Yes, there’s a certain homey satisfaction to putting your sturdy seasoned cast-iron skillet on its hook after using it to simmer some chili or sear some steaks. A parallel pleasure, however, is taking a pot of coq au vin from stovetop to oven, then placing it on a charming trivet for supper. That’s one of the great pleasures of enameled cast iron. It’s durable and beautiful and is the sort of thing you’ll want to take from the oven or stove-top right to the table. Although it tends to be more expensive than traditional cast iron, it doesn’t require seasoning, and its surface won’t react to acidic foods like tomato or citrus sauces.
Here’s how to keep yours looking glorious.
How to Use Enameled Cast Iron Cookware
Though your enameled cast iron will do just as well with slow cooking as it will with cast-iron, it’s best to bring it to heat gradually. Use medium or low heat whenever possible, keeping in mind that cast iron absorbs the heat evenly, then distributes and maintains it exceptionally. (Once the pan is hot, generally speaking, you can turn down the flame and keep cooking over a lower setting.) Only use high heat for boiling water for pasta or reducing sauces, and be sure the base of the pan is coated with fat before you start heating it. (Boiling the pan dry can damage the enamel!) The good news: You can use these babies on any cook top, including induction, and they tend to be oven- and broiler-safe to 500°F. (Just keep an eye on those knobs; phenolic-resin knobs are oven-safe to 375°F.)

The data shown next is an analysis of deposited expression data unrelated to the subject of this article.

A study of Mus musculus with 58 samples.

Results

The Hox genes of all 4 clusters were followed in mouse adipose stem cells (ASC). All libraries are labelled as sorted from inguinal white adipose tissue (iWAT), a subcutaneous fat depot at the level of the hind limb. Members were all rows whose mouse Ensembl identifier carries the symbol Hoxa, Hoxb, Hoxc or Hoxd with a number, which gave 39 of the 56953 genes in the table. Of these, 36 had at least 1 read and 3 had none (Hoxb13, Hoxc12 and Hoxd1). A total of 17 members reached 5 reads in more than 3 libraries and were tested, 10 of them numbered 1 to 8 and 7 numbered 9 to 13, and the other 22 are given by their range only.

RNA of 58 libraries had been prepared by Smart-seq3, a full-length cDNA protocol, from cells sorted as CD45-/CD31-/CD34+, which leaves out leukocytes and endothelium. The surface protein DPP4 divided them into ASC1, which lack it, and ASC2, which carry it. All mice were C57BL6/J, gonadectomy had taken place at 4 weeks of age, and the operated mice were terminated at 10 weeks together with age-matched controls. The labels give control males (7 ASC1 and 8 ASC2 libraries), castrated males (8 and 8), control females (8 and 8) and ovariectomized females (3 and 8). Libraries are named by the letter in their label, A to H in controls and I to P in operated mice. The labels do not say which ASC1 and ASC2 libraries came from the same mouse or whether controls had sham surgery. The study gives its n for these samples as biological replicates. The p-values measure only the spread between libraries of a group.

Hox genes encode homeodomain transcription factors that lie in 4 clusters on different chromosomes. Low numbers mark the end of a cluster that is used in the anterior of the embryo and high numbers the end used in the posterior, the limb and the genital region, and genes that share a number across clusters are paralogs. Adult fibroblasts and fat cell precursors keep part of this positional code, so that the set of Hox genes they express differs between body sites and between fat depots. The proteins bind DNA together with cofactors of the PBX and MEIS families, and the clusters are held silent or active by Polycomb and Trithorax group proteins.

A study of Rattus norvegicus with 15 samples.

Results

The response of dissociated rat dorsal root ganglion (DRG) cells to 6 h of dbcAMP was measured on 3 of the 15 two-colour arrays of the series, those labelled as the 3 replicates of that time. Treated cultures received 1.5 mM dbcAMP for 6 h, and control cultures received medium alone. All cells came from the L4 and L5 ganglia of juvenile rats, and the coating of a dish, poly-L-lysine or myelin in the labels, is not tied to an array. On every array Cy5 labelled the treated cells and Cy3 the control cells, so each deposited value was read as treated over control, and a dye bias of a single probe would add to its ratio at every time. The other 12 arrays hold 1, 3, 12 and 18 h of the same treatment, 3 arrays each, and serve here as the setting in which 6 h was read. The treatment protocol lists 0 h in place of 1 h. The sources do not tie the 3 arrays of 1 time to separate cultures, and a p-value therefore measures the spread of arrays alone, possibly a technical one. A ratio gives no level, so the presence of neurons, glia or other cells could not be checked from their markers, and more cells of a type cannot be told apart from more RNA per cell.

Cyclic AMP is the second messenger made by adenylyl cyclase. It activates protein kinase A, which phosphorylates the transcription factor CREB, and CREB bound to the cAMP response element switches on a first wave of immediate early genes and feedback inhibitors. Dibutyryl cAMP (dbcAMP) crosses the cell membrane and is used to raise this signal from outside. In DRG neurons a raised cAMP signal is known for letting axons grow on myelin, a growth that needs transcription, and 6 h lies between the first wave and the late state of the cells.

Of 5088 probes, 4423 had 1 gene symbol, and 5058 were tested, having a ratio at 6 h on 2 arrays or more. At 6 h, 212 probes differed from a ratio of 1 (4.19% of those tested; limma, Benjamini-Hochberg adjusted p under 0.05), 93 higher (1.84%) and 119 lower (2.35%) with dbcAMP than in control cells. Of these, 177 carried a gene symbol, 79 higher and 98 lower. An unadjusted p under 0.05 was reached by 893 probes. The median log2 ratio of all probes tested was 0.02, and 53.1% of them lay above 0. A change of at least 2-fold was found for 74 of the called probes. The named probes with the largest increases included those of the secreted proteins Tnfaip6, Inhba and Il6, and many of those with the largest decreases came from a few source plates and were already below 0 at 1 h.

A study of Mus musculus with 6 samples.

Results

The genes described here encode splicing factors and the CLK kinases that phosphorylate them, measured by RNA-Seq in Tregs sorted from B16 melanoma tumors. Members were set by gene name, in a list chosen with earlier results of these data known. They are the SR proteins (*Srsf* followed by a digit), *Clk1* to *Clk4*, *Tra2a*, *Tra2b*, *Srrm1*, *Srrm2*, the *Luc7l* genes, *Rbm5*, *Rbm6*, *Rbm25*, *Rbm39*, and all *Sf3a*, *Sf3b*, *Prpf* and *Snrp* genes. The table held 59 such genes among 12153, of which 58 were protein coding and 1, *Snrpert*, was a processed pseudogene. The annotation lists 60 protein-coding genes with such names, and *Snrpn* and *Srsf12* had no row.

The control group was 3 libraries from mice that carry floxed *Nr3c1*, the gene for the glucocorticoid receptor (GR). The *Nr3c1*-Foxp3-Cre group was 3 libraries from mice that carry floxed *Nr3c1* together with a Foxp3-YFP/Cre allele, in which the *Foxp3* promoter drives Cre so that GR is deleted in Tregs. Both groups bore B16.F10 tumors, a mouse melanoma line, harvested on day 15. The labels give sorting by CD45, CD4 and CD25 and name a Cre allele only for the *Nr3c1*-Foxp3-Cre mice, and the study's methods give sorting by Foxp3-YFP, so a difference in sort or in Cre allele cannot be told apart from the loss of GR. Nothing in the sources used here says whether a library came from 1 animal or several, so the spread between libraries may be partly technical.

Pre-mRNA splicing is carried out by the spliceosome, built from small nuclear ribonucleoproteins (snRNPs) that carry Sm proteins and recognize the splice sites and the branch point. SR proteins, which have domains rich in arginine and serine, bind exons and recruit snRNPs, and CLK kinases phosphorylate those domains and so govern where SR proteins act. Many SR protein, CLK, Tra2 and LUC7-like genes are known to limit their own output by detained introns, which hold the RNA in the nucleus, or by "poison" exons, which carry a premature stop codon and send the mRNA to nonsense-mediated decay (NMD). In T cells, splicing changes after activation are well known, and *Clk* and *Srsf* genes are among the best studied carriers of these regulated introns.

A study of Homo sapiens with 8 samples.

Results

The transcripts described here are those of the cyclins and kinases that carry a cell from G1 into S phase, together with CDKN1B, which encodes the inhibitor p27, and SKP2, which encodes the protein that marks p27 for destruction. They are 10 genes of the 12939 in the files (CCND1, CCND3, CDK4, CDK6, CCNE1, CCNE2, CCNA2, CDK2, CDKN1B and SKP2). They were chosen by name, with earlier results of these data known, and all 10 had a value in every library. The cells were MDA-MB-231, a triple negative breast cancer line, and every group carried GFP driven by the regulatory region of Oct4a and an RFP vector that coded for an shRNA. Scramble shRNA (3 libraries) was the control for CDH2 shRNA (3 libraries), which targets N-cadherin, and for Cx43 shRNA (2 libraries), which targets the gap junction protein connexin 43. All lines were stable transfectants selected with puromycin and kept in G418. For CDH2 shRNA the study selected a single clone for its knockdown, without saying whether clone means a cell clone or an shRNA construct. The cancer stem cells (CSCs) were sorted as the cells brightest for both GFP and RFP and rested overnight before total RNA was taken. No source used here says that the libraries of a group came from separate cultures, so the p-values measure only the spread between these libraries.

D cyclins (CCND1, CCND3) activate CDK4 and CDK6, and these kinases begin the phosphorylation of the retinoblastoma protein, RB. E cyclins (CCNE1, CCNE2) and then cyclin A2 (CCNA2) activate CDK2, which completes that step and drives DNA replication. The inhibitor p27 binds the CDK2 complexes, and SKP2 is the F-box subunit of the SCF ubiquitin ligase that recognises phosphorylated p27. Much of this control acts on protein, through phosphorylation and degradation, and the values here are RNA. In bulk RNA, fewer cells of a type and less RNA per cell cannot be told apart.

Avoid using metal utensils, which may scratch the enamel, and use silicone, wood, nylon or heat-resistant plastic utensils instead. The thing most dangerous to enamel? A fall or a bang against a hard surface.
How to Store Enameled Cast Iron Cookware
We’d be lying if we didn’t say we showboat, keeping our Le Creuset Agave, embossed Staub gratin and the like right on the stovetop or in our open shelves, all the better for guests to know we’re great cooks! Perhaps you have open storage, or hooks, or designated rack where you can keep your clean, dry enameled cast iron pots and pans. (It’s a thing; even Ina does it!)
Pro tip: Keep the little pot lid spacers that come with many enameled cast iron cookware brands. They are great for preventing chips and scratches on the lid and pot edge when storing. You can also try cushioned pot protectors.
How to Care for Enameled Cast Iron Cookware
OK, it might be tempting to toss that glorious (and gloriously dirty) Dutch oven straight into a sink or dishwasher. And don’t worry about the latter; they’re dishwasher-safe! But plunging a hot pan into cold water is the only other way to easily crack the enamel—it’s thermal shock, and it’s as bad for enameled cast iron as it is for you. So always wait for the pan to cool down a bit before introducing it to cold water.
To get off stubborn bits, fill the pan with warm water and let soak for 15 to 20 minutes. Then use a soft cleaning tool like a nylon scrubbing pad or sponge, or Le Creuset’s nylon bristle cleaning brush specially designed for enameled cast iron pans; avoid steel wool or scouring pads, harsh detergents or abrasive cleansers. Keep your enameled cast-iron dry. If it’s terribly discolored, a Le Creuset rep suggests applying a 3-to-1 paste of baking soda and water, then covering the pan for a few hours or overnight. The next day, add hot water, which should allow you to easily remove stains and help the pan sparkle like new.
Of course, some would quibble, as she would, that the most cherished pan is “the one that you use the most and shows it!”